Recent findings show that childhood obesity has plummeted by an astonishing 43 percent in the past decade, with data suggesting that attempts to educate parents and children on the benefits of nutrition and exercise are sticking.

Though obesity statistics continue to hover in the same ballpark for the majority of Americans with no telling signs of impending change, the incidence of childhood obesity is dropping. According to the Centers of Disease Control and Prevention (CDC), obesity in children aged two to five years old had settled to 8.4 percent from 2011 to 2012 - down from the 2003 to 2004 figure of 13.9 percent of American kids.

Prevalence of Childhood and Adult Obesity in the United States, 2011-2012, published in The Journal of the American Medical Association, examined trends from 2003 to 2012, and measured weight and height data from 9,120 participants in the 2011-12 National Health and Nutrition Examination Survey. The study was based on BMI calculations for both children and adults.

The First Lady, Michelle Obama, spoke optimistically about the results. As a noted advocate of healthy living, particularly in children, Obama's 'Let's Move' campaign has been cited as one potential reason for the drop in childhood obesity rates. "I am thrilled at the progress we've made over the last few years in obesity rates among our youngest Americans," said Mrs. Obama in a statement to the CDC. "Healthier habits are beginning to become the new norm."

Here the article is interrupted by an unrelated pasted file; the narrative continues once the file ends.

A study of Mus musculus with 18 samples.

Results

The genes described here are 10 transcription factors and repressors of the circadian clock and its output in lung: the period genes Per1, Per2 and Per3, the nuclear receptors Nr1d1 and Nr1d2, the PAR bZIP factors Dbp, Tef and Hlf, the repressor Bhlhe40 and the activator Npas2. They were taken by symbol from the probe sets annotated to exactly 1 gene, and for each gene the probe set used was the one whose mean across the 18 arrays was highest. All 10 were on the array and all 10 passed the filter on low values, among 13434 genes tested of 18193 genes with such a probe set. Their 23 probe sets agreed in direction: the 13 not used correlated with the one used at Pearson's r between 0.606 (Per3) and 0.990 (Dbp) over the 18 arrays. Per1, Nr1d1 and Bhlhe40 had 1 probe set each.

The CDC has also credited healthier food options at childcare centers, lower consumption of sugary beverages, and boosted breastfeeding rates to the noticeable decline. "We continue to see signs that, for some children in this country, the scales are tipping," said the CDC's Director, Tom Frieden. "This confirms that at least for kids, we can turn the tide and begin to reverse the obesity epidemic."

However, the researchers have also warned to take the findings with a grain of salt, with obesity rates soaring in teenagers and women over 60, while remaining disappointingly high among adults and kids alike. There was also no considerable overall difference in the obesity rates of children aged 2 - 19, despite the 2 - 5 age group experiencing a welcome decline.